Courtesy of the kind email Marv Sawyer sent to the CMG family, some of you know that I had an emergency pacemaker implant on April 8. I appreciate the kind words of encouragement, but even more so, the thoughtful prayers that were offered on my behalf. My recovery is progressing as well as I could ever hope.
In a recent blog entitled, “Don’t Waste That Pain,” I mentioned that I don’t like to waste painful life circumstances by not learning from them the life lessons which I could never learn from the good times of life. This pacemaker situation has been no different.
Let me share a few of the random thoughts which have buzzed through my brain.
- While it is extremely important for us to prepare well for retirement, of far greater importance is that we prepare well for eternity.
Before this pacemaker episode, I understood intellectually that life is fragile – that something major might go wrong physically at a moment’s notice. Now I know from experience that life is that fragile. How grateful I am today that had something gone terribly wrong on that Friday, I was prepared to enter eternity to meet my Lord.
- Indeed, as Psalm 139:14 says, “I am fearfully and wonderfully made.”
The heart is a remarkable organ and reveals the magnificent, creative genius of God. Did you know that in a healthy heart, the two upper chambers “speak” to their corresponding lower chambers through electrical impulses which move through the heart in tiny thread-like paths? Those electrical impulses are generated by the heart’s natural pacemaker. A healthy heart working in its natural rhythm is a remarkable creation. Just think of a heart beating 60 times a minute, sixty minutes an hour, twenty four hours a day, for 365 days a year. That’s 31,536,000 beats in a year. If a person lives for 75 years, his/her heart would beat 2,365,200,000 times at that rate. For the most part, unless something messes up with our hearts, we don’t even realize it is inside our chest cavity. Indeed we are a remarkable creation.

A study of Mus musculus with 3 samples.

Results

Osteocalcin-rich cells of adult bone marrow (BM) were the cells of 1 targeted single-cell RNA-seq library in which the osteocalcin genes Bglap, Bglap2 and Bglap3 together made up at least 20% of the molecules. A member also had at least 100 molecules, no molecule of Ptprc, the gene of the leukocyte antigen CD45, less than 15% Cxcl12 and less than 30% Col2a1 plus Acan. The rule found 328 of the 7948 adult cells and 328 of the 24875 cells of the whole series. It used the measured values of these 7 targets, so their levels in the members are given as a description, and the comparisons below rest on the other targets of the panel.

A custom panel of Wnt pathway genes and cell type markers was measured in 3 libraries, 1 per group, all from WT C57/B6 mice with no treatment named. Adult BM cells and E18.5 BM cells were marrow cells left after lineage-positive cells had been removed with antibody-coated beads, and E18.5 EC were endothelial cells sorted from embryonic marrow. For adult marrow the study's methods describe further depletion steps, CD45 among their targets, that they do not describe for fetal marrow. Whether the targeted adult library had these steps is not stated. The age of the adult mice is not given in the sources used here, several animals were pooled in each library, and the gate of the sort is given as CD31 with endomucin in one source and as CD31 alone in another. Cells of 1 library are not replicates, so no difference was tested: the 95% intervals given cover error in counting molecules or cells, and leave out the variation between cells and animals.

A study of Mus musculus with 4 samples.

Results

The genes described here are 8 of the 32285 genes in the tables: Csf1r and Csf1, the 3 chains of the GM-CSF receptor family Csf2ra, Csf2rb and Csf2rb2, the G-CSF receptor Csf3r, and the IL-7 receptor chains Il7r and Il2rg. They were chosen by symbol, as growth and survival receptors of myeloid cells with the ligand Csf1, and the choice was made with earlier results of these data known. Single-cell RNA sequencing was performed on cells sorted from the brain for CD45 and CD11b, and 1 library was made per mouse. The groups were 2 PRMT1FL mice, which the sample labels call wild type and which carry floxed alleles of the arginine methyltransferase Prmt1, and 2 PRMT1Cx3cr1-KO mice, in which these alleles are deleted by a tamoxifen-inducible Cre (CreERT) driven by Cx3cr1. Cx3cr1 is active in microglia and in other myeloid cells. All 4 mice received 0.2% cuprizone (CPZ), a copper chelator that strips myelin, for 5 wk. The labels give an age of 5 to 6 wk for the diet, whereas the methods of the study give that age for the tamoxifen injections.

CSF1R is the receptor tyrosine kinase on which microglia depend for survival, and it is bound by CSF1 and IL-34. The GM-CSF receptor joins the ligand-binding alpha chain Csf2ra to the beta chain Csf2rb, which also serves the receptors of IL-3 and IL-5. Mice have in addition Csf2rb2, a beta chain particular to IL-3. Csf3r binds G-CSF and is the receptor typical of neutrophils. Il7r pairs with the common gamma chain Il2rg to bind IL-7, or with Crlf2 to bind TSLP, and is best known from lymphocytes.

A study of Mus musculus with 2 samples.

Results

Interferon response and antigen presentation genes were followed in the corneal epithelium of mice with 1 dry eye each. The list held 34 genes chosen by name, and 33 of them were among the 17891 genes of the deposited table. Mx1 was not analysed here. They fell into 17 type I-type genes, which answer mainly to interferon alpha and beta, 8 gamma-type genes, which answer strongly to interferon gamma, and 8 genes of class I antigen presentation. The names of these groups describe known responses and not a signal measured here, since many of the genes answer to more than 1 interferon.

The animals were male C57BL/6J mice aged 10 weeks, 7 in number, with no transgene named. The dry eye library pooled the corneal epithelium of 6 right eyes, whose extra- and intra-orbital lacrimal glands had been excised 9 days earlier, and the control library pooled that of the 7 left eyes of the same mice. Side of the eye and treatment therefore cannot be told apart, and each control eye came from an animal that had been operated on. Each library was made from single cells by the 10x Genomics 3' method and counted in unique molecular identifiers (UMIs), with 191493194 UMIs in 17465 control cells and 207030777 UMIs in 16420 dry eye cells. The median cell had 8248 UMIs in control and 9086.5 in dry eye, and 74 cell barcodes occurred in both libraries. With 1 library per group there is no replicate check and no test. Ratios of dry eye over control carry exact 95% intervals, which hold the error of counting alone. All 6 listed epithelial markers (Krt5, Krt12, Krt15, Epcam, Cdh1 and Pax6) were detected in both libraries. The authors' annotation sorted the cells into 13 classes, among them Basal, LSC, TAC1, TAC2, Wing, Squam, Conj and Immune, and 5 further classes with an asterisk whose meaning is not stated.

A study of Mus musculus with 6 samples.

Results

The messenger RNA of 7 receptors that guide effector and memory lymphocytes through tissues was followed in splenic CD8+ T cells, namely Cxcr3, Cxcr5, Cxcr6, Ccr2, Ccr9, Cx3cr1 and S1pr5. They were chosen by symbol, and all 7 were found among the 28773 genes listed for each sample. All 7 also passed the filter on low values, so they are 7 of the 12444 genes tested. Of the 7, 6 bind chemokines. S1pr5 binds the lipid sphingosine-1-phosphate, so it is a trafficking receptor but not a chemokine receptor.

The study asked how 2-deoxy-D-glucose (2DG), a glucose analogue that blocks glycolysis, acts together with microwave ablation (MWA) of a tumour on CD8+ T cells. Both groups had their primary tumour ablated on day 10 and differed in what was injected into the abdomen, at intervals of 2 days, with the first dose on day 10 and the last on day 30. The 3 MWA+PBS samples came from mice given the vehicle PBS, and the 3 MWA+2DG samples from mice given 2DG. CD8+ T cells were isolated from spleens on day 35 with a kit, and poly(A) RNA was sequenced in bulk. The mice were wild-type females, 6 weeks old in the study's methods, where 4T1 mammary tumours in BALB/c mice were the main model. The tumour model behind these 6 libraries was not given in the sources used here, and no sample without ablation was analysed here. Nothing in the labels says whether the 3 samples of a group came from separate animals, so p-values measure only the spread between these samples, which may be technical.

- A sick heart should not be ignored.
Pretending that nothing’s wrong, when something obviously is wrong, is foolish and will never make heart problems go away. And what’s true regarding a sick physical heart, is also true regarding a spiritual heart that is sick with sin and separated from God as a result. Today I am very thankful for a gifted doctor and a wonderful invention called a pacemaker which helped get my physical heart right. Even more today, I am thankful to God for the cross, the empty tomb, and a very real Savior who got my sick spiritual heart right so many years ago.
About the Author
Jerry Long is a retired minister [38 years] living in metro Greenville, SC. He and his wife Lynne have two daughters and three grandchildren. He holds degrees from Clemson University and Southwestern Baptist Theological Seminary.